Taking the First (Legal) Step: Fee Shifting in Insurance Coverage Litigation
When embarking on litigation, a common question clients ask is: Can I recover my attorneys’ fees? Short of a contractual fee-shifting provision, the answer is almost invariably, “No.” A potentially valuable exception exists, however, in New York insurance coverage cases.
The Defensive Posture Exception
In New York, the “defensive posture” exception provides that an insured who prevails in a declaratory action brought by an insurance company seeking to deny coverage can recover its fees expended in defending that action. In deciding whether the exception applies, the key question is which party took the first “legal step” in the dispute over the duty to defend and/or indemnify. A recent case from the Southern District of New York discussed the application of the defensive posture exception to two litigants in one complex litigation and arrived at two vastly different results.
The Case: Hervochon v. Iona College
In Hervochon v. Iona College, coverage disputes arose among defendant Iona College, third-party defendant Hennessy Construction Co., Inc., and Gotham Insurance Company in connection with the underlying personal injury action. Magistrate Judge Paul E. Davison determined that Hennessey was entitled to the defensive posture exception, but Iona was not. Judge Cathy Seibel agreed and affirmed Judge Davison’s Report & Recommendation.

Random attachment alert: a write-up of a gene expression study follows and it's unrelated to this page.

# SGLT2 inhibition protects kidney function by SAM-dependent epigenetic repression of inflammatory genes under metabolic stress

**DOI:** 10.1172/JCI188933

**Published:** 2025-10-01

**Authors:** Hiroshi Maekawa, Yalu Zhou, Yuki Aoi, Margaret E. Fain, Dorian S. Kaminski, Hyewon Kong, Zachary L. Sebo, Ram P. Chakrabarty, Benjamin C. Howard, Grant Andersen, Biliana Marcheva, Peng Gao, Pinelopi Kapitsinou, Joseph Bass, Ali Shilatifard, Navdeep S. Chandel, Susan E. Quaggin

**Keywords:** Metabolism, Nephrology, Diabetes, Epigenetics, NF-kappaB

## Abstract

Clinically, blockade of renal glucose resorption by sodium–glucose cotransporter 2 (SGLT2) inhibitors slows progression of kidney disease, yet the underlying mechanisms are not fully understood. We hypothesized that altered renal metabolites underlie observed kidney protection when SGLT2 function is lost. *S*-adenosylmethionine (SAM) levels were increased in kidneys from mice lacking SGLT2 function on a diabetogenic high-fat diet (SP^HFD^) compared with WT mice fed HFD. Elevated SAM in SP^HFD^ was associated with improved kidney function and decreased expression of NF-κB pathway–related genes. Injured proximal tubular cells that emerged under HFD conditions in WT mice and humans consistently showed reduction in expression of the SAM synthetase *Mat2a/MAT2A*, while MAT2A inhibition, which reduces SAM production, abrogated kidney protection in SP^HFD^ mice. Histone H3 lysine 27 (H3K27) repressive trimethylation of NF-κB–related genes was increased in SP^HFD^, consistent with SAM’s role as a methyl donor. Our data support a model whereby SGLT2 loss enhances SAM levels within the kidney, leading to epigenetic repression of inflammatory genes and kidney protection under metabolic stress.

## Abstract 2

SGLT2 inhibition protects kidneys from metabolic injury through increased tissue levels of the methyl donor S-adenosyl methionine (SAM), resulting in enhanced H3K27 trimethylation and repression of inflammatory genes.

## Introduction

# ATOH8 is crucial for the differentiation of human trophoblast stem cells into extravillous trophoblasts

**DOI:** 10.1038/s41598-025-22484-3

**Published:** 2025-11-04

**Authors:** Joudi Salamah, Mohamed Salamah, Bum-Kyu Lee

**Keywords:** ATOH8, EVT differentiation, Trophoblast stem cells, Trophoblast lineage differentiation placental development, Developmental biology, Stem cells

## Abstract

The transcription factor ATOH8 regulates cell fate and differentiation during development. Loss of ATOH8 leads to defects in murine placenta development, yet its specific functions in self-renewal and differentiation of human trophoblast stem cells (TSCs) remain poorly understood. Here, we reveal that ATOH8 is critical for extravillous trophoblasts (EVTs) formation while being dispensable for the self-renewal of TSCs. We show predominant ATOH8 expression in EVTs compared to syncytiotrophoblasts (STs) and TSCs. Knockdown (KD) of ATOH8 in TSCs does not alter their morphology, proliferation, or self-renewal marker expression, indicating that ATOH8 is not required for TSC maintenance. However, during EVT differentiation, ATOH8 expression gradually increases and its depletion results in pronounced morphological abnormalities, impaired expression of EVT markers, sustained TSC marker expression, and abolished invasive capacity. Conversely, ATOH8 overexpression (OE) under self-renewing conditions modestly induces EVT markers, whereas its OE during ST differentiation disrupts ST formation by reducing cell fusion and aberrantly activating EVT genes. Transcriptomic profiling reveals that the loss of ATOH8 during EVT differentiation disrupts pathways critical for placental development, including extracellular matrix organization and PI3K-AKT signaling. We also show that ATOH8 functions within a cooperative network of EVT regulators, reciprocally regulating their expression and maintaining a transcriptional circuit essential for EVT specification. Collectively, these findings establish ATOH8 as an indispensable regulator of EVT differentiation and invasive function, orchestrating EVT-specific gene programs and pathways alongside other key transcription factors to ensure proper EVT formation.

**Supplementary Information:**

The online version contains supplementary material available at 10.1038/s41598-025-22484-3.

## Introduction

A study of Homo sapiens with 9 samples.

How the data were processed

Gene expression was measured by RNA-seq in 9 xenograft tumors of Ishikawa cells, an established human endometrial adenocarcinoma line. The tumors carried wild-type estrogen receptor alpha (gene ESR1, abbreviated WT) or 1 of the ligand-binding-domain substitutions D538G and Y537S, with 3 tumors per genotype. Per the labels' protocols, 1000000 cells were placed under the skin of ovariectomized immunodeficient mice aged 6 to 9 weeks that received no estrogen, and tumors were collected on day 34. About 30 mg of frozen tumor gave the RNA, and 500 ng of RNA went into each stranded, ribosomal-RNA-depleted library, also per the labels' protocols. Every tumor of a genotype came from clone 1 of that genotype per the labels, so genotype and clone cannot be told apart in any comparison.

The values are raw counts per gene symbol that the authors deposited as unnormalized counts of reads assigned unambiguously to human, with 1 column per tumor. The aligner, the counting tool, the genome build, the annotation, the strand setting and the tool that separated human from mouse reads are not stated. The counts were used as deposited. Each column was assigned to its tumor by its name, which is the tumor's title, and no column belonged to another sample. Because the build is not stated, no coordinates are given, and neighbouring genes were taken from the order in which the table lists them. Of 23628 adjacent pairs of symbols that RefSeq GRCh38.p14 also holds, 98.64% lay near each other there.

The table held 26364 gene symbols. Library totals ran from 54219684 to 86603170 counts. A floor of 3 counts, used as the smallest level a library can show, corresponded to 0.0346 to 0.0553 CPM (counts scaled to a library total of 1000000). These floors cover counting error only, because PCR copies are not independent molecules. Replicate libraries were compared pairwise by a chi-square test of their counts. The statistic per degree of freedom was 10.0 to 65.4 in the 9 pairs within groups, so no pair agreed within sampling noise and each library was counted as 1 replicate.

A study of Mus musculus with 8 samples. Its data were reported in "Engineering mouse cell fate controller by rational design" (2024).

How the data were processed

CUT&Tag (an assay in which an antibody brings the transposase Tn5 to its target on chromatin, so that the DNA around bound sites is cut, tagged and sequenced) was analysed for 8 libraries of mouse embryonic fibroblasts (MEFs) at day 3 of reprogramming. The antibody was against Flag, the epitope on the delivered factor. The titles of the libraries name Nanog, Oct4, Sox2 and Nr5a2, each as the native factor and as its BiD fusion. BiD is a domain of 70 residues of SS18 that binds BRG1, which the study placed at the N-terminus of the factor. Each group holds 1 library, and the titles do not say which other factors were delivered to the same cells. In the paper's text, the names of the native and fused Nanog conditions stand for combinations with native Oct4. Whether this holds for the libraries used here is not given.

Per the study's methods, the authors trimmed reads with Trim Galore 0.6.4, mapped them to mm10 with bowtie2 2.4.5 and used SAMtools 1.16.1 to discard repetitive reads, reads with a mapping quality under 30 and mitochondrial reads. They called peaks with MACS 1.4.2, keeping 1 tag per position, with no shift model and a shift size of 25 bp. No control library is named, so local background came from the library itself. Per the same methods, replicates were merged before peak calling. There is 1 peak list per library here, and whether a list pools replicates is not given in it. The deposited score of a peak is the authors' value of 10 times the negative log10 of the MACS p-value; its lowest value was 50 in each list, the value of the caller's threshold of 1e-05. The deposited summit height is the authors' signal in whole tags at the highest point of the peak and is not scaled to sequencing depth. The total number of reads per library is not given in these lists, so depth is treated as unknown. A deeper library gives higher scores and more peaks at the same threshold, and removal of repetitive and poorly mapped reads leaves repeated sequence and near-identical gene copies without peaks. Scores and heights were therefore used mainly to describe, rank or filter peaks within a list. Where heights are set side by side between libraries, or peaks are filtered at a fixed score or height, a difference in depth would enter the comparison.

To simplify a complicated procedural history, Iona College filed a letter with the federal court seeking leave to file a third-party complaint against Gotham Insurance. In response, Gotham Insurance commenced litigation against Hennessey Construction in New Jersey state court. Iona and Hennessey then each filed a complaint against Gotham in the federal action. Based on that sequence of events, Judge Seibel found Iona had taken the first legal step by filing the letter and was not entitled to the defensive posture exception. In so doing, the court rejected Iona’s argument that only commencing an action can satisfy the “first legal step” requirement. Hennessy, however, was entitled to the defensive posture exception and reimbursement of its fees. Judge Seibel reasoned that Gotham’s commencement of the state court proceedings against Hennessy was the “first legal step” and so put Hennessey in a defensive posture. That posture did not change when Hennessey filed its complaint against Gotham in the federal action because that claim was only a “mirror image” of the state court proceeding.
Fee shifting is available in insurance coverage disputes for insureds who fall within the defensive posture exception. Attorneys representing insureds in pre-litigation coverage disputes should tread carefully as disputes move towards litigation to maximize the application of that exception to their clients.